Analyst: Provisions for credit losses likely to continue rising

Two of the Big Six banks posted lower-than-anticipated earnings during the second quarter

Analyst: Provisions for credit losses likely to continue rising

Provisions for credit losses in Canadian banks are likely to continue growing for the foreseeable future, according to Carl De Souza of DBRS Morningstar.

The analyst’s comments came in the wake of the May 24 Q2 results releases by Scotiabank and Bank of Montreal (BMO), which posted lower-than-anticipated earnings during the quarter.

Scotiabank’s revenue dropped from $7.94 billion in Q2 2022 to $7.93 billion in Q2 2023, having set aside $709 million for loss provisions (up by 224% annually).

BMO posted a more significant year-over-year decline in revenue, from $9.32 billion to $8.44 billion in the second quarter. Provisions for credit losses swelled from $50 million to $1.02 billion, a figure that included $517 million on the financial performance of the US-based Bank of the West.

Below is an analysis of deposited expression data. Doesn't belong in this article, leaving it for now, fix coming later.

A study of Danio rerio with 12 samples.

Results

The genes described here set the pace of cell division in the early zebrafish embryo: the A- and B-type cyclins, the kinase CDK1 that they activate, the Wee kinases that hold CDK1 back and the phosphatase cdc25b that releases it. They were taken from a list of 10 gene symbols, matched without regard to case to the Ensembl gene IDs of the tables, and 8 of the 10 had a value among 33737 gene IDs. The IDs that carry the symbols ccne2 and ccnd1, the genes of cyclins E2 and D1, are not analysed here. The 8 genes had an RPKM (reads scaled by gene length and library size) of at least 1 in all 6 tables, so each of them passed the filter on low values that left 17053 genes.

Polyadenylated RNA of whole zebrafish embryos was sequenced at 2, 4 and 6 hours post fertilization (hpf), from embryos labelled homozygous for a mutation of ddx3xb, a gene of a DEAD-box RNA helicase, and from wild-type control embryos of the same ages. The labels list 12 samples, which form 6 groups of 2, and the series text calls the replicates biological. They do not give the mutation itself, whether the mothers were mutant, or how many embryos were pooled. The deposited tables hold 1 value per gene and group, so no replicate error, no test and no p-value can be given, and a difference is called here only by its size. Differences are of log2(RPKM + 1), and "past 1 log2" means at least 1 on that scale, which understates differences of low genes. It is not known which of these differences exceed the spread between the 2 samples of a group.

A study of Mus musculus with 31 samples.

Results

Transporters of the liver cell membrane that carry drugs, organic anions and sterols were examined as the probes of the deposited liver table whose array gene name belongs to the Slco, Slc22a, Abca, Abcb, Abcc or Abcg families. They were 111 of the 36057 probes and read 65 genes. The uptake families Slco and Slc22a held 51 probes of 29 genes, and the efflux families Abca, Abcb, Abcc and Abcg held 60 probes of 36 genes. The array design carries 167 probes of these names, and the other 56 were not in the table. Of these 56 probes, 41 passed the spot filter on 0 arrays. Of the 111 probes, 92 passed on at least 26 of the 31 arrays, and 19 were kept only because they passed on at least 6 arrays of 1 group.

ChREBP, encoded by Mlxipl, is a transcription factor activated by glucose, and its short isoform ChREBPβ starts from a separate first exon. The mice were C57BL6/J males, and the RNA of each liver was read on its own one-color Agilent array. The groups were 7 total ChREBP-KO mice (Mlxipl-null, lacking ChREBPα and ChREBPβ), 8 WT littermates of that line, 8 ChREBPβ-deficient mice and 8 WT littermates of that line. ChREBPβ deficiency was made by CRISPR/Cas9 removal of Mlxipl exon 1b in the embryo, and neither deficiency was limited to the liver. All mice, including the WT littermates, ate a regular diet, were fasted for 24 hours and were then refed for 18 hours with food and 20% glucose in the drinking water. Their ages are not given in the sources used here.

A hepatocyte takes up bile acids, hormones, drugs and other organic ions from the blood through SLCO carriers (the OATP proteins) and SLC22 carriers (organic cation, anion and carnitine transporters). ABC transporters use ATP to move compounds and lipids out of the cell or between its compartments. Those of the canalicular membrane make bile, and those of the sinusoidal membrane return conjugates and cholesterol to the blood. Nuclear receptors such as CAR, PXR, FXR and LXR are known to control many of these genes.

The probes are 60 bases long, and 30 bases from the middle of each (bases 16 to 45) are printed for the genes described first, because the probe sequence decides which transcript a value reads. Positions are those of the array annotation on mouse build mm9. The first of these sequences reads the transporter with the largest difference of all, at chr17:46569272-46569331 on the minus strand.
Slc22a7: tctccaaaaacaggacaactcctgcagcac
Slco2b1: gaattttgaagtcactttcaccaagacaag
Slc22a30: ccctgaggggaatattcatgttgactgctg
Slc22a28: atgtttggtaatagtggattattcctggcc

De Souza said that per the latest results, a major factor in the banks missing their earnings estimates is the ever-higher provisions for loan losses amid sustained economic volatility.

“[Bank] earnings are expected to be challenged in fiscal 2023,” De Souza told BNN Bloomberg. “We’ve seen that with this morning’s earnings calls from BMO and the Bank of Nova Scotia – and one of the primary drivers of that is increased provisions for credit losses which are expected to continue increasing.”

On the other hand, these larger provisions will be of significant benefit to the Canadian financial system in the event of a downturn.

“The Canadian banks are positioned well going into this environment to navigate the challenges and they are coming from strength,” De Souza said. “They have very strong credit quality entering this period; they have ample liquidity and solid capital levels.”